Task force tackles obesity

By | March 29, 2012 12:00 am

Governor Bill Haslam has named obesity as the focus of his Health and Wellness Task Force as nearly one third of Tennesseans are now considered obese.
Last year, Tennessee was named the fourth most obese state, with 31.9 percent of adults considered obese. While this is a rise from 2nd in the nation for obesity in the previous year, in 2010 the percentage of obese adults was actually lower, at 31.6 percent.
The rate of obese Tennesseans has nearly doubled since 1995, when only 16.4 percent of adults in Tennessee were considered obese.
The total number of overweight and obese adults is 68.3 percent.
Tennessee is also 6th in the nation for childhood obesity, with 20.6 percent of children considered obese.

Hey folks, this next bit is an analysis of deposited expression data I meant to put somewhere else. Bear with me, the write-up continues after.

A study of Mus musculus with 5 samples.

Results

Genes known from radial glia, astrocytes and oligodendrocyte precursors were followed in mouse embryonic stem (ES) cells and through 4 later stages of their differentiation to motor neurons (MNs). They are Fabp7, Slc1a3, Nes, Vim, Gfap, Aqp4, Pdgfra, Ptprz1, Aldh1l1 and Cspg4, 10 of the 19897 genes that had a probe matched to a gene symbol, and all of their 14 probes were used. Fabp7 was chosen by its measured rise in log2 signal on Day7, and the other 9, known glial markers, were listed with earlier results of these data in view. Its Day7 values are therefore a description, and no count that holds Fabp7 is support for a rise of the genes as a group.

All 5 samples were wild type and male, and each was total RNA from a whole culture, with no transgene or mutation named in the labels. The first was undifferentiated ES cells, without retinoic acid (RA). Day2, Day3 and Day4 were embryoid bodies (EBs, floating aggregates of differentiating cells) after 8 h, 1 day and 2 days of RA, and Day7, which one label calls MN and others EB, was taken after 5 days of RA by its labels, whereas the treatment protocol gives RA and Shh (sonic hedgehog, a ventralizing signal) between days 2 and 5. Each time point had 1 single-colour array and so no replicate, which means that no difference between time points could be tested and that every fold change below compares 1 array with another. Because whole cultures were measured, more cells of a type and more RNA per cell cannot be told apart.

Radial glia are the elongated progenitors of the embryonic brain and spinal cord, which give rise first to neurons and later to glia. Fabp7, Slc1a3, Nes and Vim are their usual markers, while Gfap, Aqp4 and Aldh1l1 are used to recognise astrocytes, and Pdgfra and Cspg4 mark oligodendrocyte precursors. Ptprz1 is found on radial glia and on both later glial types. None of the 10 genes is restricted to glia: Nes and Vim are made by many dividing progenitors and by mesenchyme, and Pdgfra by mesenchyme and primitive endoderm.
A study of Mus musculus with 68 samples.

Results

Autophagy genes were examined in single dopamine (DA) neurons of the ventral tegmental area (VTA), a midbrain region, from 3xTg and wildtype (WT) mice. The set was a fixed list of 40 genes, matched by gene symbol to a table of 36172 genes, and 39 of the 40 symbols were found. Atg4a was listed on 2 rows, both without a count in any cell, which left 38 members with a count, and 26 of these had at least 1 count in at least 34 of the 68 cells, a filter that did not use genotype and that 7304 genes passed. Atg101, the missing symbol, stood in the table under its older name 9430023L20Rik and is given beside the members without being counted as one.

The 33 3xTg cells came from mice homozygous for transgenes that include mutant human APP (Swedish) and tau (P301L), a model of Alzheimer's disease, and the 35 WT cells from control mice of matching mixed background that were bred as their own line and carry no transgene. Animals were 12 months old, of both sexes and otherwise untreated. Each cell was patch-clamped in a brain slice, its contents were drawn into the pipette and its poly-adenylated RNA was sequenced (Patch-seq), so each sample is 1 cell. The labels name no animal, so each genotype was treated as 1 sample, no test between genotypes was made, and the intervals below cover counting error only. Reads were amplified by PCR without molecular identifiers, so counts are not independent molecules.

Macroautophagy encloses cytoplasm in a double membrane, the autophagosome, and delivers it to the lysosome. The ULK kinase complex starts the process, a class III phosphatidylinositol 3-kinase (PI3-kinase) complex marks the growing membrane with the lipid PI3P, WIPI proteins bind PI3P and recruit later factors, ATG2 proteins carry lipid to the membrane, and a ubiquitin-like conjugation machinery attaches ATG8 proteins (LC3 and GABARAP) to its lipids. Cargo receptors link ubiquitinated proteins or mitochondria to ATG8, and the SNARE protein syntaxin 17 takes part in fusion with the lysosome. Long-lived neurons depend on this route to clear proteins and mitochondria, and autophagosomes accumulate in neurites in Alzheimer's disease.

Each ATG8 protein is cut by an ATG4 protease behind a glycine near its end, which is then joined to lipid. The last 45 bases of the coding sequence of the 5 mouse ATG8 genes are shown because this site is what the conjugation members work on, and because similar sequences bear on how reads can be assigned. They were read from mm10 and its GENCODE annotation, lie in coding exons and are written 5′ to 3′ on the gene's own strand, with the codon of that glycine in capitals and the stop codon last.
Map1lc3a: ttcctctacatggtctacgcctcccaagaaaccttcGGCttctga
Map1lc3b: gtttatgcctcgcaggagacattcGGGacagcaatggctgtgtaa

Because of the high rate of obesity, Tennessee also has high rates of health concerns that are associated with obesity, such as diabetes and hypertension. Tennessee rates fifth in the nation for both, with 10.6 percent of adults diagnosed with diabetes and 32.2 percent diagnosed with hypertension. Tennessee is also the third fastest growing state for diabetes.
While there are few numbers for White County, the Center for Disease Control found that 30.8 percents of adults in White County are obese.
The CDC also found that while Tennessee was 5th in the nation for physical inactivity, at 29.9% of adults being inactive, White County was the single most inactive county in the state with 38.9 percent of adults considered inactive.
Gov. Haslam has formed a committee and is working to partner with organizations, such as the YMCA, Coordinated School Health Program and local health departments to develop an initiative to improve the state’s health status.
All statistics were compiled from the 2011 report by the Trust for America’s Health unless otherwise stated.